The Kid’s Science Café is an afterschool program in the Village of Magdalena, New Mexico. Our instructional practices are research-based lessons to encourage a self-paced focus on Discovery, Practical Exercise, and Experiential Learning Methodologies.
How the Kid’s Science Café started
In late July of 2018, the Mayor of Magdalena approached me with a desire to establish a place for Village Youth to assemble. After a bit of a conference, and with the help of two additional teachers, we came across an idea to foster Science and Engineering for our small community. We established an LLC through New Mexico State, which would later become the Non-Profit known as the Kids’ Science Café (83-4056590)—a place where you go to order a desire, a dream, or perhaps a career. We had our Open House in October of 2018 with our first set of classes in December 2018.
Our small, rural community hosts approximately 1,000 residents, where the primary way of life is ranching. We have no theater, community swimming pool, or even a grocery store. Generational poverty is common. The Magdalena school (PreK-12) is the largest employer, followed by the US Forest Service. The school is a title 1, free breakfast and lunch for the 300 enrolled students. Classes are conducted Monday through Thursday (4-day week), which allowed me to consider volunteering my Fridays towards conducting a 6-hour educational format science-based curriculum.
The Village provides us a spacious residence hall to conduct instruction and activities from and the latitude to build on (we are in the process of building the first, youth-centered, Astronomical Observatory in honor of Dr. Klinglesmith—AstroPhysisist). Community (parental) support has been nothing short of substantial. We do not have internet service as yet but are developing an internet site and currently have a weekly post on Facebook regarding activities of the week.
What a difference a year makes!
One year after that first class, we now have multiple instructors and mentors at the Kids’ Science Café. All are certified teachers with diverse backgrounds in Literacy, Science, and Engineering and up-to-date background checks. While our activities are still developing, we currently have the equipment to support the following:
- Biology: microscopes, life cycles, aquariums
- Engineering: electrical, structural, chemical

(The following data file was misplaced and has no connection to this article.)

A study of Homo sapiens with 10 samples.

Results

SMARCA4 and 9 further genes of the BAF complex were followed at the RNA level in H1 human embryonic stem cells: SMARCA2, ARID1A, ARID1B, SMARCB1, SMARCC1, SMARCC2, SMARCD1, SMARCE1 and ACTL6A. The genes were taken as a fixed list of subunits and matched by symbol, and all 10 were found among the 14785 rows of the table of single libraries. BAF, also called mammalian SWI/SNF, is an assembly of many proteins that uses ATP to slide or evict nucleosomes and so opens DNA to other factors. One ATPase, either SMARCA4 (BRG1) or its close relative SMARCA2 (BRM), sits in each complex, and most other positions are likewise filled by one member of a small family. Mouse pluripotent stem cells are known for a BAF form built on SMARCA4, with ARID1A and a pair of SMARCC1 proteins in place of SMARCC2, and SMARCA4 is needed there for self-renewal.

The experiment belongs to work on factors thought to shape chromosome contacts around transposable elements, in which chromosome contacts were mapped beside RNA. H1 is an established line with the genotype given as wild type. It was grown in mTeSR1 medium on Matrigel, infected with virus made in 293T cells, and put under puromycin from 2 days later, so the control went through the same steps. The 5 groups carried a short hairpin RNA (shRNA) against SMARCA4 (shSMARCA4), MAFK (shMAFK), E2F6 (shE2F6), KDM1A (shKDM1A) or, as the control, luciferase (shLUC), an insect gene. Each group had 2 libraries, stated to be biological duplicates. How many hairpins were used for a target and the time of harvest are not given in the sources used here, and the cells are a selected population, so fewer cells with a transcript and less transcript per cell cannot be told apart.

- Physics: rocketry, aircraft simulators, remote control aircraft, buoyancy, hydraulics
- Astronomy: telescopes, telescope cameras, observatory dome
- Earth Science: geology, earthquakes, and meteorology
- In the works - Technology: robotics and coding with Audrino and Raspberry Pi instructional and hardware assets.
We do have other activities that we throw into the mix that includes art. Materials are available to support painting, pottery, bracelet and necklace making. We also have kids learning photography.
AcuRite runs our Meteorology Program
We have experimented with a couple of lessons to date and posted those on our Facebook page. I conducted a weather lesson on the Water Cycle, which of course, feeds weather processes and the water cycle. These activities included other equipment and sensors that produced real-time tracking of change in weather variables (such as temperature and humidity). The next weather experiment we have planned is looking and wind vanes and learning about wind. Additionally, our new wireless weather station, the AcuRite Atlas™, we are looking at solar data, like UV index and light intensity, and the kids log sunrise and sunset in their engineering notebooks. They have also looked at the memory on the display. Once we do get internet, we will be able to set up the AcuRite Access™ and track all of our weather data through My AcuRite for the kids to refer to as part of “their day.”
On another note, I am (reportedly) the only elementary teacher in the state that teaches 4th and 5th graders how to build, launch and retrieve high altitude balloons. Although helium has become expensive, I desire to conduct launches out of our facility. As a part of our system, we get all the usual positioning reports (via Ham radio and GPS) but also take video and stills, track direction, speed, temperature, pressure as part of a flight log. I hope to use these launches to launch a stratospheric weather study.
Teachers, share your ideas!
Share your weather lesson plans and weather curriculum in the comments below! What are your students tracking and monitoring with your school weather station?